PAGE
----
Boost your mind with online extra-curricular activities

During this period when learners are home, educators believe they have a lot more free time on their hands, which they can use for other activities, not just classwork.

Like classwork, there are online platforms that offer studies assistance with extracurricular activities.


This can be through reading, photography, music, drawing, singing, dancing, and sports among many others.


Stanley Mukasa, a Kigali-based educator, says with the abundance of time and online resources available, students can put the extra time to better use. 


He says learners are encouraged to use online platforms for academic work, and also use this opportunity to nurture their skills.

Taking a productive break from studies will give the brain a boost, experts say. Net photo.

Mukasa adds that in doing so, learners will get a boost in co-curricular activities, making their class performance even better. 

“If students take some time to learn what they love online, it gives them a sense of commitment to whatever they are involved in,” he says. 

He explains that this is because it is easy to commit to doing what they love, and this commitment extends to all other areas of their lives.

Diana Nawatti, the head teacher at Mother Mary Complex School, says learning a new skill can help them cope with anxiety or distress caused by the Covid-19 pandemic.

“Practical ways to build their skills or learn something entirely different from are helpful to learners,” she says.

In addition, if a student wants to turn ideas into hobbies, or pick up a new hobby altogether, such lessons are a great way to start.

John Nzayisenga, Director of Kigali Harvest School, says that this can be a fun way for students to kill boredom and learn new skills and knowledge.

He says that there are limitless possibilities if students take up such activities.

“Additional skills will set students apart from others. Also, such skills can be applied in the future,” he says.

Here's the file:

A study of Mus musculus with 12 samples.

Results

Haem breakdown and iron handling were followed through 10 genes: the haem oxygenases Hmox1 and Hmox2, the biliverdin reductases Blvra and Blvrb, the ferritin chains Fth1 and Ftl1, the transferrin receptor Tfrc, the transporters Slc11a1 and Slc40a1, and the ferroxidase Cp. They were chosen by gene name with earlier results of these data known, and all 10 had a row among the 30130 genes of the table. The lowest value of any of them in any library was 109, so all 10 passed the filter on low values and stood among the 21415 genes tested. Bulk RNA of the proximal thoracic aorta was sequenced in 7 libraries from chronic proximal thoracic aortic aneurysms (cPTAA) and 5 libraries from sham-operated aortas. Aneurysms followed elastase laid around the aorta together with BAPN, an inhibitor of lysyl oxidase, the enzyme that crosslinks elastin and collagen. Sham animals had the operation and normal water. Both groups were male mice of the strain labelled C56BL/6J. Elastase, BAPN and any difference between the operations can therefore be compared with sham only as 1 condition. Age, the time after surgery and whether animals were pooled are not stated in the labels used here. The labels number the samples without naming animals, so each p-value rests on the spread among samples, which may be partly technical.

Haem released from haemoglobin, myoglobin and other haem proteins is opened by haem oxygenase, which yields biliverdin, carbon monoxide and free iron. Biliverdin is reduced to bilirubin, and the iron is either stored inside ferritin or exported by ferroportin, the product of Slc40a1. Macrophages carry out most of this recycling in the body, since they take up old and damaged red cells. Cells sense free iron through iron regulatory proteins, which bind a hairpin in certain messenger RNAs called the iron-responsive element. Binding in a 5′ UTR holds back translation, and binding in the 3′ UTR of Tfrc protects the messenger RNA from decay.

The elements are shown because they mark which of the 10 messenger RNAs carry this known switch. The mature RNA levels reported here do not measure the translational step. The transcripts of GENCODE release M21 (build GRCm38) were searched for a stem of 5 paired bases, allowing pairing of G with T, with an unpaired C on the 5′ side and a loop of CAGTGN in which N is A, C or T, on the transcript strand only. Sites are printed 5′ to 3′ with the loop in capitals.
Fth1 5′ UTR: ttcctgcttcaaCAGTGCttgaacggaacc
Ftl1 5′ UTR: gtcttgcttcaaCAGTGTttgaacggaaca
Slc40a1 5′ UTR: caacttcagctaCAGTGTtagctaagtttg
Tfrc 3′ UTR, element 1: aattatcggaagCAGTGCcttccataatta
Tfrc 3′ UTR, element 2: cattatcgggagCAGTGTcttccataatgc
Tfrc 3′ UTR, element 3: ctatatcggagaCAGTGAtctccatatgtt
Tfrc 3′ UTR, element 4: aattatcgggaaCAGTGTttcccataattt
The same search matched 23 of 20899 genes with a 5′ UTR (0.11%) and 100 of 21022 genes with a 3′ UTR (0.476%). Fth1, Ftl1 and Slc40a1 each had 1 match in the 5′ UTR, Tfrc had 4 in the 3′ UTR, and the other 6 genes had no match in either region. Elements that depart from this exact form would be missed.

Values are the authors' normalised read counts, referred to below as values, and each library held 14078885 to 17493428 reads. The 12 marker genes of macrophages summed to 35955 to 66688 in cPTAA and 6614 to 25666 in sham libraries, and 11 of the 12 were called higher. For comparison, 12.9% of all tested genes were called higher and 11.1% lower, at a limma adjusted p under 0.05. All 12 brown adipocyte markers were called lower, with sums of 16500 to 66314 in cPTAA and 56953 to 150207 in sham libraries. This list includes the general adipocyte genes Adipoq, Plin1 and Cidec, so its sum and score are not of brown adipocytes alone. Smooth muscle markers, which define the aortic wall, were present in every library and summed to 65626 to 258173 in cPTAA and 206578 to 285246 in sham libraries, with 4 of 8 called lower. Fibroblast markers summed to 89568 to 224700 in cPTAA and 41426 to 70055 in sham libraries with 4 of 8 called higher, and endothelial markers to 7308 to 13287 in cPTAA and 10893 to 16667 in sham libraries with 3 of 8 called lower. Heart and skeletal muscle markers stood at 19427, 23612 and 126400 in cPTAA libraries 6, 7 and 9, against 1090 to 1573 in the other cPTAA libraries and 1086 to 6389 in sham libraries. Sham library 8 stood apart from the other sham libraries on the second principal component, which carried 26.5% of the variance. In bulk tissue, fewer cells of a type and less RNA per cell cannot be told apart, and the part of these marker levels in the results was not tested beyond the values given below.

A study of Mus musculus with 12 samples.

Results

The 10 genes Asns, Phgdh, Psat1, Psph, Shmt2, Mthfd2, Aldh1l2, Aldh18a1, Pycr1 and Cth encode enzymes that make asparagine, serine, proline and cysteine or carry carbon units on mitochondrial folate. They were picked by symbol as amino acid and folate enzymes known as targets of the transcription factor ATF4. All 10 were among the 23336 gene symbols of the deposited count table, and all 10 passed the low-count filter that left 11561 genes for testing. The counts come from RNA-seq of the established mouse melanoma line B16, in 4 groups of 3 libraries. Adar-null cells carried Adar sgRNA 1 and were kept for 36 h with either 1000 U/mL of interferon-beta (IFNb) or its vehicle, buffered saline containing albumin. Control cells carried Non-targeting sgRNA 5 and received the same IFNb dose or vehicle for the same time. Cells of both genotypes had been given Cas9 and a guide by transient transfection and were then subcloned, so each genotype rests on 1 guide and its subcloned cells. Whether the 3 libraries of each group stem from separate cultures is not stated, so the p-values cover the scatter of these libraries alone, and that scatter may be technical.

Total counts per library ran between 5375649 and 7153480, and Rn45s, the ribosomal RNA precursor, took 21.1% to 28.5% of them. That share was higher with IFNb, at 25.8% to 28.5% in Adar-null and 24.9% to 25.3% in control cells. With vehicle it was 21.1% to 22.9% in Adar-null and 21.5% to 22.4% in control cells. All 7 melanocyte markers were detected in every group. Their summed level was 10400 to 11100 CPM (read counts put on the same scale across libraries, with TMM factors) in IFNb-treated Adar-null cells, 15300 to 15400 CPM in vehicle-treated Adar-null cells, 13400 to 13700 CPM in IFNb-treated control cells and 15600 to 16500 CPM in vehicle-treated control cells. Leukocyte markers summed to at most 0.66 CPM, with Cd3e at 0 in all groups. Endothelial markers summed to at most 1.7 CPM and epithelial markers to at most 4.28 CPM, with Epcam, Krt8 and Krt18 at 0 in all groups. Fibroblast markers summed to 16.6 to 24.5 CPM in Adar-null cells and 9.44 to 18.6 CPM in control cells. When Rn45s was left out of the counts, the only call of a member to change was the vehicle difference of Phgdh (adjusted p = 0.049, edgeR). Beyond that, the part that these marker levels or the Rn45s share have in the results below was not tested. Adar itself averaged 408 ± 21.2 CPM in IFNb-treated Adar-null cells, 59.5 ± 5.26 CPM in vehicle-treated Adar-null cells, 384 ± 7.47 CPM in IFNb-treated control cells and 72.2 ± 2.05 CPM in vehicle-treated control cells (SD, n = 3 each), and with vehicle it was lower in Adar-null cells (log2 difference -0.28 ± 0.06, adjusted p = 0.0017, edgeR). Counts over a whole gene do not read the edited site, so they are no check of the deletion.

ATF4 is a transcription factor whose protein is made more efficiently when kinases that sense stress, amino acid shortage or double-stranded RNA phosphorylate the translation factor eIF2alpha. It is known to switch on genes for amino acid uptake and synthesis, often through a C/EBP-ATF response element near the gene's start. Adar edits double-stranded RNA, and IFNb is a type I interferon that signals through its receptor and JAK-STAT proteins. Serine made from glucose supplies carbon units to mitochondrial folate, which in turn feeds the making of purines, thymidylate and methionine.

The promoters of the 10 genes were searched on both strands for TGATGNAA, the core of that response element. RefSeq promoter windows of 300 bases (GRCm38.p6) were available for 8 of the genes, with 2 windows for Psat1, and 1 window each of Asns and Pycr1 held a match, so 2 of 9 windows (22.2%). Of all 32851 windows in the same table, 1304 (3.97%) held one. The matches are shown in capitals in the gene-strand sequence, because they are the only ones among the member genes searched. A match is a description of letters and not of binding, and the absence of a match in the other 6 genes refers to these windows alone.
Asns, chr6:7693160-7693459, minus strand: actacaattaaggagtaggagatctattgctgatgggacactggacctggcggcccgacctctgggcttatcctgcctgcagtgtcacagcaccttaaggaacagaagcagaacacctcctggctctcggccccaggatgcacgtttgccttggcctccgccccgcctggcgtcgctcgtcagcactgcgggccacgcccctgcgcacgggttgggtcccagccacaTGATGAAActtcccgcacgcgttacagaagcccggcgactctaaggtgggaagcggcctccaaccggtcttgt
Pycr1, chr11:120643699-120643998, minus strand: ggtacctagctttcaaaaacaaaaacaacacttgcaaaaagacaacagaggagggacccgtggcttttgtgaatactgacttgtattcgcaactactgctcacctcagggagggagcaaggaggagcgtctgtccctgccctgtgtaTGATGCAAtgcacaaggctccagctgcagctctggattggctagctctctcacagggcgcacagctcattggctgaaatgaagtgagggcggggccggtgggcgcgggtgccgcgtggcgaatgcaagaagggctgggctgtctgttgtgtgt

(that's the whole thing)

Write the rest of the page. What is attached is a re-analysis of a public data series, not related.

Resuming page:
He adds that these lessons also create room to think outside the box and be innovative.

“It is a good way to keep students’ brains stimulated which is essential for every child,” he adds.

On the other hand, Mukasa says online short-term lessons keep students occupied in a good way, and their minds fresh. Instead of lounging at home with an idle mind, students should find productive things to do. 

He says that those who love reading can take up courses or coaching online.

“This is the perfect time to set a reading timetable. It gives a productive break from academics. For parents looking to help their child form a habit of reading, now is the best time to do so,” he says.

Mukasa says there are online versions of most books available — students can enjoy their favourite books without the need to go to a bookstore.

Lifelong skills

Origene Igiraneza, a young education entrepreneur, says some academic institutions overlook or don’t put effort in things like public speaking, essay writing, financial literacy, to mention a few. 

He says that although some schools try to, the practice is still very low.

“One of the ways to address this is by students, for instance, developing a virtual  ecosystem that can help them interchange amongst themselves and learn from each other, also known as peer learning,” he says.

This, Igiraneza says, helps students to do more research on that the particular area, to help them get a clearer picture of what is required.

Aside from that, he says, it increases the level of interest when they engage with peers who share similar interests.